Vegas should be a lesson for Texas

Noah M. Horwitz

I am angry.

Sunday night, a terrorist broke open the window of his hotel room on the 32nd floor of a Las Vegas Strip hotel. He used the medium-sized armory inside to rain carnage on a crowd gathered below for a concert. At press time, 59 innocent people had lost their lives and more than 500 others were rushed to the hospital. All because of a lone terrorist with weapons legally procured in this country.

This is evil. This is depressing. But this is not surprising. 

As has been stated before and already by so many, we crossed a threshold in December 2012 after the massacre at Sandy Hook Elementary School. When the United States of America and her leaders decided that our fetish for semiautomatic instruments of death outweighed our love for our wives and husbands, brothers and sisters, sons and daughters and grandchildren, there was, in hindsight, no going back.

When children suffocated inside of refrigerators, we did not wait before assigning guilt. When bridges collapse, it is not uncouth to ascribe blame. We know why this happens. The malevolent National Rifle Association does its damnedest to confound us, but we know better. This terrorist used semiautomatic and automatic weaponry that should be reserved for the military. To say a “good guy with a gun” could have stopped him, or that we need more guns such that his successors-in-terror may be stopped, is as asinine as saying a policeman’s service revolver can stop Kim Jong Un’s ICBMs — or a hurricane.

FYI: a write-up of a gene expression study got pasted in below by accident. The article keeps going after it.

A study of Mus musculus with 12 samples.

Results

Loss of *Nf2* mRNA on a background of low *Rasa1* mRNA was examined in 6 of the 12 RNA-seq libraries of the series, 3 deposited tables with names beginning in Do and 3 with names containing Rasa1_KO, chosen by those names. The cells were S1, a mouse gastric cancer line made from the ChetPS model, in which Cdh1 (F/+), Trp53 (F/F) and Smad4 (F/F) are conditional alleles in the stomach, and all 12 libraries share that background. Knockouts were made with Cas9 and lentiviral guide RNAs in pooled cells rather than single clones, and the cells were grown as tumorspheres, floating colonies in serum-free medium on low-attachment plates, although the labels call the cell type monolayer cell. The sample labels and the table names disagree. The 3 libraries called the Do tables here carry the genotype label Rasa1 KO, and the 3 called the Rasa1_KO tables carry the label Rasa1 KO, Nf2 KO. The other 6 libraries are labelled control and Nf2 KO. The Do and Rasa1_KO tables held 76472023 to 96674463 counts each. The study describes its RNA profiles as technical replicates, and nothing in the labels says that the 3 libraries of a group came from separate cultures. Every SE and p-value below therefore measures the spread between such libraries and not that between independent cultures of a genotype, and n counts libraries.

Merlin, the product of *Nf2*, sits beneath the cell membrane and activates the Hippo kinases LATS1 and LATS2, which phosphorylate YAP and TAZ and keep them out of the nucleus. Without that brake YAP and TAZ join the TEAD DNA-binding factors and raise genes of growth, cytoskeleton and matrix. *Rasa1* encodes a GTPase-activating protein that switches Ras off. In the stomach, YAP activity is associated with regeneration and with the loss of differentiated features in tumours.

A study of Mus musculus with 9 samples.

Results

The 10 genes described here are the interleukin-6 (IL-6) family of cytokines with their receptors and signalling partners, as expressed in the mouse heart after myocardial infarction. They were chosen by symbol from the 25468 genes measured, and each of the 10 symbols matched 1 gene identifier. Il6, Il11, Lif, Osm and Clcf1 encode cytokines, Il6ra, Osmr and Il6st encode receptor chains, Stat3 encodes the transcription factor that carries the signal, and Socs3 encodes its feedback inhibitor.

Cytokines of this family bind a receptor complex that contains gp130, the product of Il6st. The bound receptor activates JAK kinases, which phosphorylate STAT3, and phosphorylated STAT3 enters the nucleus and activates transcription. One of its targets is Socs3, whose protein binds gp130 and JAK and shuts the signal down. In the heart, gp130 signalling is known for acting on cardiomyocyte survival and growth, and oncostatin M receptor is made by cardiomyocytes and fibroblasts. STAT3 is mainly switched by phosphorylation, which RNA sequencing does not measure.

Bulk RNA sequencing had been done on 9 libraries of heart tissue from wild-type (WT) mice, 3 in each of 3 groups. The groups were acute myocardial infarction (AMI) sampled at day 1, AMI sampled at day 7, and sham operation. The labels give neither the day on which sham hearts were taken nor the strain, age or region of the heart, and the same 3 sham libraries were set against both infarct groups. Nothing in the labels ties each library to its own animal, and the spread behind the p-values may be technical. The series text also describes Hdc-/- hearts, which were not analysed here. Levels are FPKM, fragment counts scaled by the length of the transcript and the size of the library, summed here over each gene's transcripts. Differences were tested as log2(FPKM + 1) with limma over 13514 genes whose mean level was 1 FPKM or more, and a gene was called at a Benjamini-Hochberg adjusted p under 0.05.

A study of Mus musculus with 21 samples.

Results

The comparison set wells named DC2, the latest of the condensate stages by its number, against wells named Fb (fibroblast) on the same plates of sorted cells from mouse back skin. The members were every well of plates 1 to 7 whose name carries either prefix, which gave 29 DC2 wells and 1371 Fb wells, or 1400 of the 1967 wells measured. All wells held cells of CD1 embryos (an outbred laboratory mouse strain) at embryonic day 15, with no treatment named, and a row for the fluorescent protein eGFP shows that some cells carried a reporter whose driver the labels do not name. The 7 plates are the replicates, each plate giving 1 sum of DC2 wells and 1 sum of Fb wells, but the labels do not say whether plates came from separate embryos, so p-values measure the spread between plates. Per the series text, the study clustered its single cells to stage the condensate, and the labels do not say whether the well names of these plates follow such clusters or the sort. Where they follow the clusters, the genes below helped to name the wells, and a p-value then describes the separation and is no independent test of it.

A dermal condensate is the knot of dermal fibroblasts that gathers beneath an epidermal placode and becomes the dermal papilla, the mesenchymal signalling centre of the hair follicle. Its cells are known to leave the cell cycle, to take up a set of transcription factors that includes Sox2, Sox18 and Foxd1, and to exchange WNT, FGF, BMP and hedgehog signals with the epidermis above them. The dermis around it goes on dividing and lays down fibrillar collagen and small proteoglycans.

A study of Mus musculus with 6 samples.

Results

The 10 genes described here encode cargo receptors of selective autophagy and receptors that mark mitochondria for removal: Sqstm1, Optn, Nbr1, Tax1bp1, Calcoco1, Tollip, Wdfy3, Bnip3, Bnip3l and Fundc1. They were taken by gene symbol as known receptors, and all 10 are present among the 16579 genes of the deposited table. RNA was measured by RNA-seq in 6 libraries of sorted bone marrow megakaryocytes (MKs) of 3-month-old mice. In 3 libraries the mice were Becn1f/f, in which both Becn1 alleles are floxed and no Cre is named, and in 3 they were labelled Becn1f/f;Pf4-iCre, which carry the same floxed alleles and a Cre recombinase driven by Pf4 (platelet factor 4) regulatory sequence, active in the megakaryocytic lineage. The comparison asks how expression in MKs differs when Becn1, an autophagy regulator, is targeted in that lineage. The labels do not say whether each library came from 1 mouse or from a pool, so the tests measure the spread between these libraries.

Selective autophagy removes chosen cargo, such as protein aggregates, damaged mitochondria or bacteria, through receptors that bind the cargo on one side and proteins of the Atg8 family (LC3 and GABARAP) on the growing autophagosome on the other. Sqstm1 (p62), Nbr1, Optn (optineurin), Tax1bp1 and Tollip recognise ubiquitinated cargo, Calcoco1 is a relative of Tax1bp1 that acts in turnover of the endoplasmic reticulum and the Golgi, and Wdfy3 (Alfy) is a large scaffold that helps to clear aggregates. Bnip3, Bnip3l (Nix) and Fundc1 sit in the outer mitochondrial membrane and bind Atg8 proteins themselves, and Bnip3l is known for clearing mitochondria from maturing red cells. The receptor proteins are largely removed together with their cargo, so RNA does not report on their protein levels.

When I was an undergraduate at UT, the most recent gubernatorial election took place. Greg Abbott was then the Attorney General and was amenable to the idea of letting guns onto college campuses, as was then-Gov. Rick Perry. I tried sounding the alarm, but few students appeared to care and Abbott defeated the Democrat, Wendy Davis, by a landslide in an election with pathetically low turnout.

Today, thanks to now-Gov. Abbott, guns are flowing freely on the 40 Acres. Meanwhile, Abbot, a Longhorn himself, sends his only child to a private university in California, the state his stump speeches would have you think is the devil incarnate.    

Stay angry. Abbott does not care about you and your friends and your family — at least not when they compete with the NRA and the seven percent of the state that drive the Republican primaries tantamount to election here. Nor does Sen. Ted Cruz, who will be up for re-election next year.

The next horrid day could be on this campus. We’ll have folks like Abbott to blame. But if we do not organize and vote now and next year against proponents of the complacency that has led to our new, nightmarish normal, we will also have ourselves to blame.

I am angry. I hope you are too. Let us remember in November.  

Horwitz is a second-year law student from Houston. He is a senior columnist.